A combination of top PIT groups experiments with live on-location video scenes within their improvised stage show

Pictured: Members of Neutrino.

People’s Improv Theater-based groups Neutrino and Centralia joined forces with video makers to present a special two part show at the theater on September 11. Calling themselves Trailer Park, the performers first presented videos of movie trailer parodies, and then extended the video motif into live shots from outside the theater and the sushi restaurant next door for some of the scenes in their long-form performance, which were projected onto a screen in the rear of the stage.

The live video was a bold experiment, although didn’t always work because it made it easier for performers to miss or misplay possible connections and logic of scenes and characters. Still, have to marvel that these performers could pull it off to any success at all, often running back and forth between the stage and outside to start up whole new scenes.

But the performers did find one compelling and amusing storyline, largely while on the stage itself, about fish attacking humans, complete with a musical interlude. Another main storyline, of a family that sees knowing math as a stigma, meandered a bit, but had its moments, largely when one player or another played up the math and numbers shtick. The video also amplified scenes on the stage by projecting close-ups of some of the players onto the screen behind them, similar to how film editing cuts between close-ups of actors.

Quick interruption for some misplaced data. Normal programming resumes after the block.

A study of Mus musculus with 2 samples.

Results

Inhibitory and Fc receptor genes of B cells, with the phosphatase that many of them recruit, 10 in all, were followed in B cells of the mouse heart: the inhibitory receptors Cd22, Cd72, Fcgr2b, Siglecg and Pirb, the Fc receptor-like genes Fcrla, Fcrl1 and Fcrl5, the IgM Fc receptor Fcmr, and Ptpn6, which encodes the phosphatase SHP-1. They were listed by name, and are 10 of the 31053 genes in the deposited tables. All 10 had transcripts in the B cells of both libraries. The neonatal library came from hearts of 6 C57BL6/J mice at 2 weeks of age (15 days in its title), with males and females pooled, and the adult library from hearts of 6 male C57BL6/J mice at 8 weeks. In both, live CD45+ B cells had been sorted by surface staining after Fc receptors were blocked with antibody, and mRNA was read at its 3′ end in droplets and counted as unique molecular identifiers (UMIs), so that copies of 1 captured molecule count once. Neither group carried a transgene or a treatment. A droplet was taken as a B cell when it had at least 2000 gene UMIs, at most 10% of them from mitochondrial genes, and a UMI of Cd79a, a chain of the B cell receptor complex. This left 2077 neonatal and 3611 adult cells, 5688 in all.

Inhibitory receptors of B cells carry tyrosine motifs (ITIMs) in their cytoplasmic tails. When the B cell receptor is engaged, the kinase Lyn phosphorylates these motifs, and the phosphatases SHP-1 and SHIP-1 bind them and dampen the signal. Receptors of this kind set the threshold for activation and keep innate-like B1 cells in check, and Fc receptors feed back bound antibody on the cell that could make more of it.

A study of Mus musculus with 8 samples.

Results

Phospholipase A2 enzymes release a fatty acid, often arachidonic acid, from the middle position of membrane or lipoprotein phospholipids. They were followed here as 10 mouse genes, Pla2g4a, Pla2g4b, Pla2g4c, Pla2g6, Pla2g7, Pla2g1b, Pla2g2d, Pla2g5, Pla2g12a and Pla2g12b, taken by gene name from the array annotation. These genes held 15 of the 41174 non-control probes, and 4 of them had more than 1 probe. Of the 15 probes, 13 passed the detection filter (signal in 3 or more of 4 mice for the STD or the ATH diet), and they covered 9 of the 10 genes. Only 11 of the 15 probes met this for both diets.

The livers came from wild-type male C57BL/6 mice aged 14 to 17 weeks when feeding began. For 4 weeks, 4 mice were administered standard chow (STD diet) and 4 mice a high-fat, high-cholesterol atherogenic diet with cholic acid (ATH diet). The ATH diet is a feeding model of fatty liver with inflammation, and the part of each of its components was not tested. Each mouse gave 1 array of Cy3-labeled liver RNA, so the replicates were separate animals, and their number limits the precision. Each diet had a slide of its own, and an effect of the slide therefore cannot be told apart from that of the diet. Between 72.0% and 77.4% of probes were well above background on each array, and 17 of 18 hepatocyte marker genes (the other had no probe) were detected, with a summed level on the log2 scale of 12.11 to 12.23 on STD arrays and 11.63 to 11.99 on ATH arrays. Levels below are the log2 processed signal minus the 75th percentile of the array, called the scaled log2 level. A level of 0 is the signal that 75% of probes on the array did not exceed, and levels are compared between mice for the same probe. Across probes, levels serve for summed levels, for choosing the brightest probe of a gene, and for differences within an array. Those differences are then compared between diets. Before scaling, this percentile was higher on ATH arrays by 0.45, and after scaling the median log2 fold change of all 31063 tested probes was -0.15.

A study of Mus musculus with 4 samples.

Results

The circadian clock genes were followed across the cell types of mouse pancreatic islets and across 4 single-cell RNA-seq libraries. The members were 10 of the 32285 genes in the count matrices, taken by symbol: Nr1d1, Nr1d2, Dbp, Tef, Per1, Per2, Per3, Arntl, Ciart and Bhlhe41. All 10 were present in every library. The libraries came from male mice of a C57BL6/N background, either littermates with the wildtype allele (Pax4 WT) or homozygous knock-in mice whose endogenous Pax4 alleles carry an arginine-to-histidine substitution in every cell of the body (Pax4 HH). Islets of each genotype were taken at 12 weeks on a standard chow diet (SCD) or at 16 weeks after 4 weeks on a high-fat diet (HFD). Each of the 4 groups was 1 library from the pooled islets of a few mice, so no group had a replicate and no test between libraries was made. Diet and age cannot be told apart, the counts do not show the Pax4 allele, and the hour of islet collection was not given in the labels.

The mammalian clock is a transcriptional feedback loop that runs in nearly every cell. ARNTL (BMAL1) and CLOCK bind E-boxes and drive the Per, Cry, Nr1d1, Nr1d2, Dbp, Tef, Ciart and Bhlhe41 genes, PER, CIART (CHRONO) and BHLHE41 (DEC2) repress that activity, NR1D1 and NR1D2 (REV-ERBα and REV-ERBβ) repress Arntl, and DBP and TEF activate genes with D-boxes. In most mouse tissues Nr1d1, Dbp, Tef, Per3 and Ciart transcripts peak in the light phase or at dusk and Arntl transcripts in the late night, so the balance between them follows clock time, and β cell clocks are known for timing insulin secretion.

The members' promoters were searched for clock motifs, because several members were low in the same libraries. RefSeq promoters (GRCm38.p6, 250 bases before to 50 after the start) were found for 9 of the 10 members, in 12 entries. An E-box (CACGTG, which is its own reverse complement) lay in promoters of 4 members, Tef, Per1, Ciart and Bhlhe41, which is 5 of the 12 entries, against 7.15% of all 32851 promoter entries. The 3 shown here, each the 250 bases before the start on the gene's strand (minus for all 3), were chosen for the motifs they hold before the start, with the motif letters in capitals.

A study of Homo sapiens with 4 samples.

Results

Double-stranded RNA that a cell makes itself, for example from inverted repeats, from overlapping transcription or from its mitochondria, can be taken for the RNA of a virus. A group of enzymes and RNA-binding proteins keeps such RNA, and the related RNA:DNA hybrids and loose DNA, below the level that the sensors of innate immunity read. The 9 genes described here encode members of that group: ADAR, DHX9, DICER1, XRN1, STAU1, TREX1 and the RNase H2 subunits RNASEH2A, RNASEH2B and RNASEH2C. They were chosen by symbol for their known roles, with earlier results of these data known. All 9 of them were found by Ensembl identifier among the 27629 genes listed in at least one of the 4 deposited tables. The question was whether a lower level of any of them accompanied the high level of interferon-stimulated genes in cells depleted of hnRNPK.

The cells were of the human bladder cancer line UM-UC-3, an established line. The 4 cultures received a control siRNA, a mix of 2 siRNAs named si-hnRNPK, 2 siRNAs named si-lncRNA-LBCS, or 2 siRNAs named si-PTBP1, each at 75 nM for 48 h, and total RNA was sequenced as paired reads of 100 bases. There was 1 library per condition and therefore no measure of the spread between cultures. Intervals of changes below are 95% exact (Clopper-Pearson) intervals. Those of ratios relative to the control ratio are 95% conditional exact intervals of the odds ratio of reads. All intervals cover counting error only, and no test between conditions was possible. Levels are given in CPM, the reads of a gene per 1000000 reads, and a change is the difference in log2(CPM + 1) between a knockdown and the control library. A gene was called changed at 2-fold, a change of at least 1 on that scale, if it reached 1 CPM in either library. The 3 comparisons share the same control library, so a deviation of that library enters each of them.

The comedic movie trailers were a bit hit or miss. The highlight was clearly “8 ½ Mile,” a reworking of the classic Fellini flick to the music of Eminem – although a parody of Mel Gibson’s anti-Semitic rant using scenes re-cut together from “Signs” looked entertaining until it was stopped due to a problem with the speed of its soundtrack.

Other “mash-ups” devised didn’t hang together quite so well as “8 ½ Mile,” like one merging animation from “Toy Story” with dialogue from the R-rated “Requiem For A Dream,” and another titled “Searching for Jimmy Hoffa” which had more to do with showcasing some of the performers from Trailer Park.

Overall, both the trailers and the video-assisted improv can certainly get better if the groups attempt it again -- particularly in the back and forth between outside and onstage scenes -- as they will certainly get a better feel for the overall flow between the two.